China’s economy is slowing. The rest is being left up to imagination fed by data from a central controlling government in Beijing that tells lies.

When China’s stock markets fell sharply and President Xi Jinping was boarding a plane on a visit to Russia, he reportedly gave the order to “make it go back up.”

Government officials launched a mission using every means possible from literally arresting sellers, while shoveling-in massive amounts of government cash to shore them up.

They have gone to great lengths to manipulate their stock market.

This did two things. First, it destroyed the credibility of their market, and second, showed that they would do anything to cover up bad news.

A government that would do that will have every word and action discounted. They have an official target of 7 percent Gross Domestic Product for 2015.

The International Monetary Fund says that they will miss it.

Some who track electricity usage, railroad traffic and cargo movement argue that Chinese GDP growth is between 2 to 3 percent. Manufacturing is struggling which is one reason why they allowed the yuan to devalue.

The Economist magazine argues that use of just base data oversimplifies the Chinese economy missing some strengths understating growth which is more realistically near 5 percent.

They point out that after years of double digit compounding GDP that 5 percent growth in today’s China is the same as 14 percent growth in what was a smaller economy in 2007.

Peasants that earn disposable income spend it first buying food becoming consumers. They do not give up improved diets without social unrest developing, which Beijing abhors and defends against.

They will keep their people well fed. In fact, many of the problems that they are dealing with today are the result of efforts to increase food production.

They did such an amazing job boosting the size of their hog herd that they reportedly have been going through a liquidation Rabobank estimated was the equivalent in size to eliminating the entire North American hog herd.

I am skeptical of such estimates as there are still millions of backyard two- and three-sow herds in China that I don’t believe can be accurately counted.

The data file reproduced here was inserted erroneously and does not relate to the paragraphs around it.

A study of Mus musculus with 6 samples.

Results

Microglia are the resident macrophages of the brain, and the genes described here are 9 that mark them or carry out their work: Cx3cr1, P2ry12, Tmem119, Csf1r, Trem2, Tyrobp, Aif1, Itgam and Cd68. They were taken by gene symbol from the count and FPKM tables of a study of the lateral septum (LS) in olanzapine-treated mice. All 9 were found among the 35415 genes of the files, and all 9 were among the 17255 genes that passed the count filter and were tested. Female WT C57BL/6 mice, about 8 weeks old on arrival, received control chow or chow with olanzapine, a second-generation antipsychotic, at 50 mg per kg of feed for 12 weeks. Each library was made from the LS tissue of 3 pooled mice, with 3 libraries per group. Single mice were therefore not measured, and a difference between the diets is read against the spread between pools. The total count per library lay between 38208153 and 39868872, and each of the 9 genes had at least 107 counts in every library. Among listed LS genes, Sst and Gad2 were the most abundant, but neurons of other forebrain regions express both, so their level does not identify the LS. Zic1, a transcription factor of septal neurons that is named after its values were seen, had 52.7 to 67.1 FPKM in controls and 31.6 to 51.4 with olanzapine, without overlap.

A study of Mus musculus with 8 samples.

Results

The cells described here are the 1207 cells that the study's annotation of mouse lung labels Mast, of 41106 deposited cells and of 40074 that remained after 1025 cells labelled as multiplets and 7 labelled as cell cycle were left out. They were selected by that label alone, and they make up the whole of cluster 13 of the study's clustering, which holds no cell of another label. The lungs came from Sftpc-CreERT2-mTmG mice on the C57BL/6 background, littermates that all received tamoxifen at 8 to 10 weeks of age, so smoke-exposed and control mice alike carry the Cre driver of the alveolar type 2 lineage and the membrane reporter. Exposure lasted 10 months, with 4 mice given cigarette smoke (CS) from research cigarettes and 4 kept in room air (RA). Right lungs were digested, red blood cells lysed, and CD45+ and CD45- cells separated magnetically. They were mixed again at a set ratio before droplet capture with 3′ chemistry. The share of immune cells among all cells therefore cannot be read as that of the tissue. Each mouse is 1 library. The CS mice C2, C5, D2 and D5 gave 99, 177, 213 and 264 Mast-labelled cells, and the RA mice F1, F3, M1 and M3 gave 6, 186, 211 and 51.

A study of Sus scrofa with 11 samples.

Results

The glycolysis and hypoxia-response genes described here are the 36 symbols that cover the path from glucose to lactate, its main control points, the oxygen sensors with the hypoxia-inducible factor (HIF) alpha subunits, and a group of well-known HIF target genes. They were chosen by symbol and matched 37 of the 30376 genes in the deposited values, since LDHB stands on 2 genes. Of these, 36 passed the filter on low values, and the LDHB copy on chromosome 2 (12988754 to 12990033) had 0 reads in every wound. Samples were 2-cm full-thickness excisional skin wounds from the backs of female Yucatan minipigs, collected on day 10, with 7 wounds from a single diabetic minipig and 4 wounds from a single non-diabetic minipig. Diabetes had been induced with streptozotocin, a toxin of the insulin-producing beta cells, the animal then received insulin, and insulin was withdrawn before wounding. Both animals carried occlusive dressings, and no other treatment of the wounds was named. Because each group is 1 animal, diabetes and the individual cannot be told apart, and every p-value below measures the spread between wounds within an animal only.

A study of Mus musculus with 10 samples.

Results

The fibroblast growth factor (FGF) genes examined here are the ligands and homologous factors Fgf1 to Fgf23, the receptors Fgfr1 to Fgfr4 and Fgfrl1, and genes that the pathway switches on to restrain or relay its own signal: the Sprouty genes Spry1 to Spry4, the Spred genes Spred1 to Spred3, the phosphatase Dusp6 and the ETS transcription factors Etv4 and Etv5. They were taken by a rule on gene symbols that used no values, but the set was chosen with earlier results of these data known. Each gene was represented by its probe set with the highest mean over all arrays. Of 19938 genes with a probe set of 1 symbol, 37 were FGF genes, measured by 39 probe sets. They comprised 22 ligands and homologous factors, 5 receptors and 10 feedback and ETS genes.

Nevertheless, that is a lot of feed demand to lose.

China has boosted its corn production year over year using minimum price support to get farmers to shift acreage from other crops.

It worked, as some now believe China has a 150-million-metric-ton – mostly corn – reserve and fewer hogs.

That much stored corn is difficult to keep in condition. It is an overreach that has to be reduced.

China had been giving corn producers $9.70 for their corn. Needless to say, Chinese feed companies could buy and import U.S. corn much cheaper.

In fact, so much cheaper that imports would surge despite huge Chinese corn stocks. Alarmed, China discovered the MIR 162 unapproved GMO trait in U.S. corn shipments allowing them the means to block and ban all U.S. corn coming into China.

They are also importing corn from Ukraine, but can’t stop those shipments as they are tied to infrastructure investments that are being paid for in corn.

Banning U.S. corn didn’t improve the market differential between Chinese corn prices or in fact, it could be argued the damage to the U.S. corn market made it worse.

Other U.S. feedstuffs, U.S. sorghum and distiller’s dried grain imports, surged into China.

Attempts to auction Chinese reserves have failed even with transportation subsides. There is just too much price disparity between the minimum price and the world market with Chinese corn “priced out of the market.”

They are going to fix that. They reportedly will lower the minimum support price by as much as 20 percent ($1.80-$2).

They will likely give farmers larger cash subsidies on top of the minimum price, but the market could buy Chinese corn much cheaper than before.

If they use more domestic corn stocks, demand for imports including sorghum and DDGs will slow. They will take more control of imports finding ways to limit sorghum and DDG imports, too.

Fewer hogs mean less soymeal demand and cheaper corn in rations competes with soymeal, likely reducing soymeal demand as well.

It all rolls down the hill and some of it eventually finds its way to the U.S. If they reduce corn acres with lower support prices, those acres will grow other things.

While commodity economies were devaluing currencies before China did, they are devaluing them even more after.

U.S. ag export competitors such as Canada, Brazil, Australia, Russia, and Ukraine are either in recession or headed there.

The currency exchange gives them a distinct advantage over U.S. commodities priced in dollars. Strength in the dollar is likely to be sustained.

Beijing has been attempting to engineer a transition from an export-driven economy to a consumer-driven economy and the slowdown caught them in midstream.

This forced the yuan devaluation to try to get some support back for their exports.

When that works too well, Japan, Korea and other Asian export economies are hurt so they have less money to buy U.S. ag products.

The currency war can become a circular firing squad. So, China is going to use more of its own domestic production, import less overall, but more of that from our competitors while exporting more in competition with other Asian exporters so they buy less from us.

I think that you can see that this is not going well.

Throw in The Donald with 88 percent of his supporters saying his stance on trade is their top issue and reason why they support him.

Trump would be the bull in the China shop and the ag sector would be sure to get broke.

David Kruse is president of CommStock Investments Inc., author and producer of The CommStock Report, an ag commentary and market analysis available daily by radio and by subscription on DTN/FarmDayta and the Internet.